This, from the tweets, generated a few thoughts:
Faculty negotiation: 1) Salary, 2) start-up package, 3)HR benefits, 4) Moving expense, 5) space for research 6) Teaching load, graduate student access and support, 7) promotion/tenure process, 8) IPR, 9) Parking/housing/child care and 10) Spouse/partner employment#SfN17
— Addictive Brain (@addictivebrain) November 11, 2017
Hmmm... I disagree with order, for sure. But the first thing to consider is what is the ballpark of the starting place from their side? If something is "close" to what you want/need, it may be a better strategy to set that aside and put your negotiating towards the things that are not. Thus if the lab space is close, but the salary not, don't argue for an extra 100 sqft, but for the extra $10K in salary.
Also keep in mind that a "final offer", the legal piece of paper won't be made until you and chair have reached an agreement about what the position is and it entails. Thus your negotiating can be delicate in balancing what you need vs. what the department can offer.
As for order: if you don't have what you need, in space or other resources, to be a success and publish, get funded, in short do your job as a scientist/professor, it doesn't matter how high the salary is right now. If the teaching load is so burdensome that you can't do research, and research is what gets you tenure, it doesn't matter what the salary is, or how much they give you for child care.
You are playing a long game now, and you need to think about what will carry you for the next six years. Which suggests one point to inquire about: how long can I keep the start-up (seed) money. Sometimes it needs to be spent in a window, and sometimes that window is a year or 3 years. That can be a problem if you haven't gotten funded by then.
Also, it is worth keeping in mind that there are some things your (soon-to-be) chair can't negotiate. Things like HR benefits are often determined well above the chair level, and sometimes at state universities they are set by the State Legislature. Ask about them, but don't get hung up. The same can be true of parking/housing/child care. Money is fungible: salary can go to parking, childcare, or moving. And $1000 now for moving (which may seem very important) is not worth as much as $500 more in salary, multiplied over 6 years, and including %age increases.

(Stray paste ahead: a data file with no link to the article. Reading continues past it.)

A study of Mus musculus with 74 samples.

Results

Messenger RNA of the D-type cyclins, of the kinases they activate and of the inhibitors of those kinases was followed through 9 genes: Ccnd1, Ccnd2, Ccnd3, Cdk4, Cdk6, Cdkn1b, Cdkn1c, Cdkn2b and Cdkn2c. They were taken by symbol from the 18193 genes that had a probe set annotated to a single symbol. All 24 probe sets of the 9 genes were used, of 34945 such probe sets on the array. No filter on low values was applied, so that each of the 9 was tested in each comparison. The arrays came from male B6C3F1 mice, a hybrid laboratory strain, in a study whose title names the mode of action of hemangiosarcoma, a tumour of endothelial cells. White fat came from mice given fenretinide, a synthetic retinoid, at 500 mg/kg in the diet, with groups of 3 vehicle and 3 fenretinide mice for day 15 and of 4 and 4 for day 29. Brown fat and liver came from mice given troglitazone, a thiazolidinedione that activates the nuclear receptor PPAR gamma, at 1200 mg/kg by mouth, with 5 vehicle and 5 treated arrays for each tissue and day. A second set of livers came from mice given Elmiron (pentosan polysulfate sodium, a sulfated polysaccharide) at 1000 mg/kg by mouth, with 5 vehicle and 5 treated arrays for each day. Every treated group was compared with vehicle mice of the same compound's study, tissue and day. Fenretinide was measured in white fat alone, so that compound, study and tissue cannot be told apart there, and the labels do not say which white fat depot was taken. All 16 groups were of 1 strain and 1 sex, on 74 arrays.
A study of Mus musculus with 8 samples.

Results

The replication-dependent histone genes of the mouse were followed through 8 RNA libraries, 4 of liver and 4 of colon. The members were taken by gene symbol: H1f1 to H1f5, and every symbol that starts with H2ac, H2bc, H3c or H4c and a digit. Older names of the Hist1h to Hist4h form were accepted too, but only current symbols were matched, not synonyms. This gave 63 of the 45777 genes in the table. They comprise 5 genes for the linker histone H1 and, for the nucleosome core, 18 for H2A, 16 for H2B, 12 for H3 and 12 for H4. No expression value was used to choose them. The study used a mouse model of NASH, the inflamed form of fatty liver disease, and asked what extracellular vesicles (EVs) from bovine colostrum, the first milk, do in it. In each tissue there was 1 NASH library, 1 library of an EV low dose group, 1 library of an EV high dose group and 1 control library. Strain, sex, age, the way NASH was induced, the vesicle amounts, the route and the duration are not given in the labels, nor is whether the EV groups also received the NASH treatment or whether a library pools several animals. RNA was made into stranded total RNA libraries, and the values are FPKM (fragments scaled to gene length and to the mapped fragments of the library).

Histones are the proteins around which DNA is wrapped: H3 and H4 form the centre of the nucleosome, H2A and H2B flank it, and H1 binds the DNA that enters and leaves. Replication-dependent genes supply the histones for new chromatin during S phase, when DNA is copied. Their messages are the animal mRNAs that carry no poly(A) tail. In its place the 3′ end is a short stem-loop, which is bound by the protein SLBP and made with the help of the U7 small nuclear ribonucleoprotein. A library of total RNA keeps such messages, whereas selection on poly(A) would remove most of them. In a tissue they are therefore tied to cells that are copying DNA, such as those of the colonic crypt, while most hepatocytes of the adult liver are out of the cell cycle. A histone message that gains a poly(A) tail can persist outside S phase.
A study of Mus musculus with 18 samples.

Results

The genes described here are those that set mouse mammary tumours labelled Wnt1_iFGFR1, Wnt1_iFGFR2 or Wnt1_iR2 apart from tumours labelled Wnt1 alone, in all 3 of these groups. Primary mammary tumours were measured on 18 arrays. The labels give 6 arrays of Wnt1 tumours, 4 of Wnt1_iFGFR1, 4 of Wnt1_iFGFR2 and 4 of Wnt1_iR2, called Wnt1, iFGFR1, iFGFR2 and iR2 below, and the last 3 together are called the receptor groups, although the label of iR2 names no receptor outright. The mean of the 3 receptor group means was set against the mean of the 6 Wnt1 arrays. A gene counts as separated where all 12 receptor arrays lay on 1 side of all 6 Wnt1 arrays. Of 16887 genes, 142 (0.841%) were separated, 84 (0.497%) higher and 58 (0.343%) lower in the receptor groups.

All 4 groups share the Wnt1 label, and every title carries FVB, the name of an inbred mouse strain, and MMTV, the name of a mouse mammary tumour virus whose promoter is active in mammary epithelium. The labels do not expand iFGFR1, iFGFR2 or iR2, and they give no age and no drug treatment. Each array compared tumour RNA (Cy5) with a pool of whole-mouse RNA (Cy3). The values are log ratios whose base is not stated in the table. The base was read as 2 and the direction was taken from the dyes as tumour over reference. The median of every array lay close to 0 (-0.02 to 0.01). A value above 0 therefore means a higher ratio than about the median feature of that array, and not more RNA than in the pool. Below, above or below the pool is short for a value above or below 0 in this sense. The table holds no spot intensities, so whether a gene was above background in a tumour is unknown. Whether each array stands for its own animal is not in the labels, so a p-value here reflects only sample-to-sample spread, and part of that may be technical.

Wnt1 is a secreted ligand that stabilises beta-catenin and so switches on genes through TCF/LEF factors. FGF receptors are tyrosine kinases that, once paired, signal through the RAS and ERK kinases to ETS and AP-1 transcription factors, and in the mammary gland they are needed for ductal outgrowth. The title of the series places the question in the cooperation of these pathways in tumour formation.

Teaching load is tricky. In this day and age, jobs are often defined by teaching needs: its where the money for the line comes from. Try and find that out during the interview. If they absolutely need someone to teach: A&P to pre-nursing students, or Intro ecology for a well-subscribed program, your trying to negotiate out of that teaching can result in a final offer not being made.
A good chair will let you know where she/he is flexible in the offers that can be made. What teaching can be delayed or traded? How are salaries set, and what is the range for this level of professorship (lots of public universities have set ranges)? What about space? What about renovating space? One likes to think everyone is negotiating in good faith, and that the chair wants you to come and doesn't want you pissed off. But remember to get it all in writing. The chair you negotiate with today may not be around tomorrow.